Boeing 401K Plan: The Case of the Missing Millions
You have been hired by Boeing to figure out a mystery that has been bugging them. When they looked at their company-wide 401K balances at the end of the year, they had almost $100 million less than they had expected. Theft, embezzlement, hackers, no, no and no, something even more insidious. So what was the cause of the shortfall? Read on to find out.
First let’s start with the basics. Boeing has a 401k plan, known as a defined contribution plan available to their employees to help them invest for retirement. Boeing offers a match which is about as close to “free money” as we will ever see in our lifetime. For every $1 an employee puts in the plan, Boeing will put in $0.75…yes, you read that correctly, each dollar a Boeing employee puts in earns 75% BEFORE it has even been invested. Of course, there are maximums, which in this case is 8% of an employee’s salary.
Let’s run through the numbers again: A Boeing employee earning $60,000 or $5,000/month who contributes 8% or $400/month into the 401k will receive a $300/month match from Boeing (equal to 75% of their $400/month contribution). As Paul Merriman put it in his column, that is like getting a 6% raise. Remember though that in order to earn that “raise,” the Boeing employee must make that contribution equal to 8% of their salary. Simple enough, saving 8% of your salary shouldn’t be that onerous especially if someone told you that they would give you $0.75 for every dollar you saved. Right?
Wrong. Someone forgot to tell about 56,000 Boeing employees that they should max out their 401K contributions to get the company match.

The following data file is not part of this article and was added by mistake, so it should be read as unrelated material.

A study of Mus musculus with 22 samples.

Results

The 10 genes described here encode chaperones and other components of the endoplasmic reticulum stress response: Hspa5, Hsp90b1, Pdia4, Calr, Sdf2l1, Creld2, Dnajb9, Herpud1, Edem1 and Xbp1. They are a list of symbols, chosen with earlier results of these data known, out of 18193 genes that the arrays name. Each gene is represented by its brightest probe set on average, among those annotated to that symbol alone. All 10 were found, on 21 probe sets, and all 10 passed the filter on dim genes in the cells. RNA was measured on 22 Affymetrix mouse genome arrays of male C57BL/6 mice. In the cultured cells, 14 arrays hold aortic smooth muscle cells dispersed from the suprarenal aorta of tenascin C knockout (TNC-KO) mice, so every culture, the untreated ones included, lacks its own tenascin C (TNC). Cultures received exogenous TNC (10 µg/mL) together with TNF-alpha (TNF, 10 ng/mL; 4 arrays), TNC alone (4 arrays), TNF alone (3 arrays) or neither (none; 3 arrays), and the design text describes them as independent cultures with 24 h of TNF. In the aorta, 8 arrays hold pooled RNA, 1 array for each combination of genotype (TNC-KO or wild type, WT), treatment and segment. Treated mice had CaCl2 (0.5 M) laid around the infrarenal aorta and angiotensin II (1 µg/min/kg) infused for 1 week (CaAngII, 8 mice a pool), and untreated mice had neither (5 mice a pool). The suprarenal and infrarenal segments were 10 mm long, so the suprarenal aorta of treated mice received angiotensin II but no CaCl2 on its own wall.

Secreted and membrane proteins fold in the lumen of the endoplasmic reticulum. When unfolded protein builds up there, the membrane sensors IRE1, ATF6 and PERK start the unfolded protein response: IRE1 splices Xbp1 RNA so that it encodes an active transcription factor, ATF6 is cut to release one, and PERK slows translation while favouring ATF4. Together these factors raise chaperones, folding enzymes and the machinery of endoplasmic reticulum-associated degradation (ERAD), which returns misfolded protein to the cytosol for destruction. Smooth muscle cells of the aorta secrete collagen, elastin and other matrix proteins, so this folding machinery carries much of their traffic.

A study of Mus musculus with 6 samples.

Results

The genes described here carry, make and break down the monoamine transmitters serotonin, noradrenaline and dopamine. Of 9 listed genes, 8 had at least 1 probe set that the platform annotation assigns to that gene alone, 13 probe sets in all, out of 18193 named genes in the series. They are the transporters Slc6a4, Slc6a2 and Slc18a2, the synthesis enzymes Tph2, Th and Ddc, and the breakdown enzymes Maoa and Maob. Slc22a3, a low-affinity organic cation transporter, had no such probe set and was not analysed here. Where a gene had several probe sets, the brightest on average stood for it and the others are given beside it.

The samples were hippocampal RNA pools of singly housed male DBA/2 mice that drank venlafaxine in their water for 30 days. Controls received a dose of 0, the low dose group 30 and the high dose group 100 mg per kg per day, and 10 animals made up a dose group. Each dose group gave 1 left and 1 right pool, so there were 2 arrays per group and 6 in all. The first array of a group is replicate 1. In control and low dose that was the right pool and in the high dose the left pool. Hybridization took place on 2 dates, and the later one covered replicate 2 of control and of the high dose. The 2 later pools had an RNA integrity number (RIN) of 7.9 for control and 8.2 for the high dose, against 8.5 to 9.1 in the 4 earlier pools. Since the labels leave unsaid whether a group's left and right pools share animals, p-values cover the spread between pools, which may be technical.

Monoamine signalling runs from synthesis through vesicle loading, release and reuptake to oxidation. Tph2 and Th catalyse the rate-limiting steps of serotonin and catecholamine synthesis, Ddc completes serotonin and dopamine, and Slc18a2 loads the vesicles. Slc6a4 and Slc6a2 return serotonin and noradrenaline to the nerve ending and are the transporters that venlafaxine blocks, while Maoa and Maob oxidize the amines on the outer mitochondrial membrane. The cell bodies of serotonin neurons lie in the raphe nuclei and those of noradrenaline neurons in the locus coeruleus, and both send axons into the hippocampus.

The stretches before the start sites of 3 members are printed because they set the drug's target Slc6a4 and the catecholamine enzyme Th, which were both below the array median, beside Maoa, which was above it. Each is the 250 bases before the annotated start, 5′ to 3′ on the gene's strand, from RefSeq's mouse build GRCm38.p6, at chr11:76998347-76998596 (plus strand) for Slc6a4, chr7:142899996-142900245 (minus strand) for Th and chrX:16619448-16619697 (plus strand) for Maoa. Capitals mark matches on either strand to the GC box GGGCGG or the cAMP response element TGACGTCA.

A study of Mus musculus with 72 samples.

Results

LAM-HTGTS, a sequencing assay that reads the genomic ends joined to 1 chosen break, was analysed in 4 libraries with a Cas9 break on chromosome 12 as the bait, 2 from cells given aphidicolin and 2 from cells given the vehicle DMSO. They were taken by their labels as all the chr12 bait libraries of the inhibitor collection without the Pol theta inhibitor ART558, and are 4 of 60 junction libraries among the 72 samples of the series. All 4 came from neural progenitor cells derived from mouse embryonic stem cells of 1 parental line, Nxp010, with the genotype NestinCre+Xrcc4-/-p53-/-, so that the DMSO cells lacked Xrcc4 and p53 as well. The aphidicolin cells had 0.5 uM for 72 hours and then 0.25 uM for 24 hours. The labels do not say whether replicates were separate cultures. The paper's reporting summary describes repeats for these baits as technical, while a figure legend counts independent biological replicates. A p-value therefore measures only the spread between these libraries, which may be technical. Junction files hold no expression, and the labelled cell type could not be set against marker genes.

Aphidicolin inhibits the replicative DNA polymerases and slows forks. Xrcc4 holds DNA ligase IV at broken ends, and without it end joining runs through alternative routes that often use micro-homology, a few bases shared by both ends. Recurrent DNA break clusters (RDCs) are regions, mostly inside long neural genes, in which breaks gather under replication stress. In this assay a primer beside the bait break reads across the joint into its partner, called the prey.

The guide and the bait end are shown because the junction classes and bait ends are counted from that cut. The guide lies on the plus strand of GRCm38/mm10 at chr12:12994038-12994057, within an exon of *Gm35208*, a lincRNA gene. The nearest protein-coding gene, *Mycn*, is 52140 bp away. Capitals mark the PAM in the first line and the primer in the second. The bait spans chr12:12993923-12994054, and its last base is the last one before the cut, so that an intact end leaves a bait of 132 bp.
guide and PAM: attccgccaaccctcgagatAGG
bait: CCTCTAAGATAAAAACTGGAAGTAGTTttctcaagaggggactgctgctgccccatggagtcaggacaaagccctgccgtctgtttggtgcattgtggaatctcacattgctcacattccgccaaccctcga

The question: How much did money did Boeing employees “give up” by not maxing out their 401K plan?
Here is what we know:
- 8,400 employees didn’t participate at all in the 401K plan. Their contributions: ZERO.
- 48,000 didn’t contribute enough to get the maximum match. Assume that they contributed on average about $243/month.
- Assume that the average Boeing employee makes $60,000 per year.
For the 8,400 employees who didn’t participate.
- They could have earned $3,600/year from the company match. $60,000 (average salary) * 8% (max. contribution for match) * 75% (Boeing match) = $3,600
- $3,600 * 8,400 employees = $30.2 million
For the 48,000 who didn’t max out their contribution and on average contributed $243/month.
- Assume a company match of 75% X $243/month = $182/month company match
- Maximum company match = $300 (see example above) – $182 = $118/month left “on the table”
- $118/month * 12 months/year * 48,000 employees = $68.0 million
Total amount missing due to lack of participation from employees: $30.2 million + $68.0 million = $98.2 million
This should be a good lesson for students to take advantage of that “free money” of a company match in a 401K plan.
About the Author
Tim's saving habits started at seven when a neighbor with a broken hip gave him a dog walking job. Her recovery, which took almost a year, resulted in Tim getting to know the bank tellers quite well (and accumulating a savings account balance of over $300!). His recent entrepreneurial adventures have included driving a shredding truck, analyzing executive compensation packages for Fortune 500 companies and helping families make better college financing decisions. After volunteering in 2010 to create and teach a personal finance program at Eastside College Prep in East Palo Alto, Tim saw firsthand the impact of an engaging and activity-based curriculum, which inspired him to start a new non-profit, Next Gen Personal Finance.